In a recent Minnesota Court of Appeals decision, that court ruled that polygraph test results are not admissible as substantive evidence of a probation violation in probation-revocation proceedings because polygraph testing has not been proven reliable.

Prior Minnesota case law has already established that the results of polygraph tests, as well as evidence that a defendant took or refused to take such a test, are not admissible in Minnesota in either criminal or civil trials. Prior decisions have held that polygraph results lack the reliability that is necessary to be admitted as scientific evidence. The rationale for the rule prohibiting the admissibility of polygraph-related evidence is that polygraph examinations do not have “such scientific and psychological accuracy, nor its operators such sureness of interpretation of results shown therefrom, as to justify submission thereof to a jury as evidence of the guilt or innocence of a person accused of a crime.”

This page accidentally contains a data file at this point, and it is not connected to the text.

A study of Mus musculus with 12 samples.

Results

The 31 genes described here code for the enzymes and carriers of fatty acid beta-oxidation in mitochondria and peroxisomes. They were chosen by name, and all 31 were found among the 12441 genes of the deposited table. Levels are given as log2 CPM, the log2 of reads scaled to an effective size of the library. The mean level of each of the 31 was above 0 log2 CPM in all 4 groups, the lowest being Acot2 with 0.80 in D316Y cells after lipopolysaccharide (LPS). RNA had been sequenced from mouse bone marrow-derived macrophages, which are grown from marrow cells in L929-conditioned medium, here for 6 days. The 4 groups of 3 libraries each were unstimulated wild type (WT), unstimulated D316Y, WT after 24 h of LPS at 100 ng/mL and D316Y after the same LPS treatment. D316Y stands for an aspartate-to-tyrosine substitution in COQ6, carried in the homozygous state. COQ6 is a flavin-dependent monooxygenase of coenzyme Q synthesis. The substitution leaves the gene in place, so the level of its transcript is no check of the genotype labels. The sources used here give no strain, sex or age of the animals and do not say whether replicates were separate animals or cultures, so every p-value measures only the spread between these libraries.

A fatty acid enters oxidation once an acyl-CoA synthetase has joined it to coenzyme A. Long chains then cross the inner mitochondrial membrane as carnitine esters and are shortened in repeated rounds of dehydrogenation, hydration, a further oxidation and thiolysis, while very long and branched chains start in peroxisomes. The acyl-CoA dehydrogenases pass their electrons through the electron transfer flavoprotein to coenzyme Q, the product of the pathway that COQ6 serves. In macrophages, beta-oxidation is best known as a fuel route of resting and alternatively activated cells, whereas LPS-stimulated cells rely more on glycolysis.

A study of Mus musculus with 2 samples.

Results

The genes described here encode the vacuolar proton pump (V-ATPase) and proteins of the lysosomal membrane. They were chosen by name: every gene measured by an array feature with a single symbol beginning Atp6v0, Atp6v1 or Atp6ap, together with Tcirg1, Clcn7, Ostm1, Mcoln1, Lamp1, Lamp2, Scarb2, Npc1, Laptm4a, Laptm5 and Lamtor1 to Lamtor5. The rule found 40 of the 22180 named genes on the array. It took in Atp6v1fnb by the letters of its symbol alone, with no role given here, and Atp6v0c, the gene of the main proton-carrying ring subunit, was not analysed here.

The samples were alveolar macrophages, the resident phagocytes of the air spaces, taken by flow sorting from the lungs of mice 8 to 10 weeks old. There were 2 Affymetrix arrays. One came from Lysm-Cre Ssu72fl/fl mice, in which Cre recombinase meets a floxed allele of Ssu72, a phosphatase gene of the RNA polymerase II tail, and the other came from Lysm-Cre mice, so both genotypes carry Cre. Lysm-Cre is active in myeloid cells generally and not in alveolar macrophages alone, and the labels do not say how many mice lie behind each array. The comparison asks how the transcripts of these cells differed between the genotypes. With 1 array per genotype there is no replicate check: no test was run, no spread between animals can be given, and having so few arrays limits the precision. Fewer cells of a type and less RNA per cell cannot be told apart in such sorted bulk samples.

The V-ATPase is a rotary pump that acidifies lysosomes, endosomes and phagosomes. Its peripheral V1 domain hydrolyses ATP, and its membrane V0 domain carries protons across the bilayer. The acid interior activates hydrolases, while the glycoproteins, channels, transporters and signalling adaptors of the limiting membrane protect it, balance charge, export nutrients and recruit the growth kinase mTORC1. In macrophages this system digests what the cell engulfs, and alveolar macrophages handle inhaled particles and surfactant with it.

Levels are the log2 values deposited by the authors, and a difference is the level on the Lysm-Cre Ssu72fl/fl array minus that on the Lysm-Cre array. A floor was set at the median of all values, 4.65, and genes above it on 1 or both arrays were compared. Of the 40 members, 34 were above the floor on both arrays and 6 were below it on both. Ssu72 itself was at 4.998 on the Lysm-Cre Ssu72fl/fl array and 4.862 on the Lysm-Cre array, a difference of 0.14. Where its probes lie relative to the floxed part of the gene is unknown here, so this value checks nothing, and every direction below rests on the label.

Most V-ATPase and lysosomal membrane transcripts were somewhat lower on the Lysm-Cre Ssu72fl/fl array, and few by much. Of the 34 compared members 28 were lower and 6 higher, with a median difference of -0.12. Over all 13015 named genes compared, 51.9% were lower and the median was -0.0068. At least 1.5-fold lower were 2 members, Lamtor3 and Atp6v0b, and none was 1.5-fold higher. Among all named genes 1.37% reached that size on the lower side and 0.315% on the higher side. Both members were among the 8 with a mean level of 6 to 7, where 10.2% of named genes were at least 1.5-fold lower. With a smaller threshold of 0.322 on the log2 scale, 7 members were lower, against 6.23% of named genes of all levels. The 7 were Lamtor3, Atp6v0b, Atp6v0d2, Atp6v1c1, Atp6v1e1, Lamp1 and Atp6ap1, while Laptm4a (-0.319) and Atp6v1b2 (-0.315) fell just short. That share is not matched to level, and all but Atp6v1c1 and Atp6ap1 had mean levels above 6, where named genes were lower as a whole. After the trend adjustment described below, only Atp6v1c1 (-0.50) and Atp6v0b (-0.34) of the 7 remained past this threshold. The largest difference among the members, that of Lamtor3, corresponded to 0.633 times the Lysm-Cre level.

The Court of Appeals’ recent decision now extends this prior precedent that applied to civil and criminal trials to prohibit the use of polygraph tests as substantive evidence in probation violation proceedings. A number of other states already prohibit such use of polygraph tests in probation violation matters, while others still allow it.

The court specifically stated that it did not intend its decision to limit the use of polygraph testing as a tool in law enforcement or from being imposed as a condition of probation to be implemented in treatment, therapy, monitoring, or evaluation of offenders. The ruling only prohibits the results of a polygraph from being admitted as substantive evidence to prove that an offender violated a condition of probation. If an offender was required to submit to polygraph tests as a condition of probation, evidence that an offender refused to take a polygraph would be admissible to prove a violation of such a condition of probation.

If you, or a loved one, are facing a probation violation or a criminal charge of any kind, contact The Law Office of John J. Leunig at 952-540-6800, 24 hours a day, 7 days a week, for a free consultation. The lawyers at The Law Office of John J. Leunig provide vigorous, intelligent and personalized representation to people accused of crimes in State and Federal courts.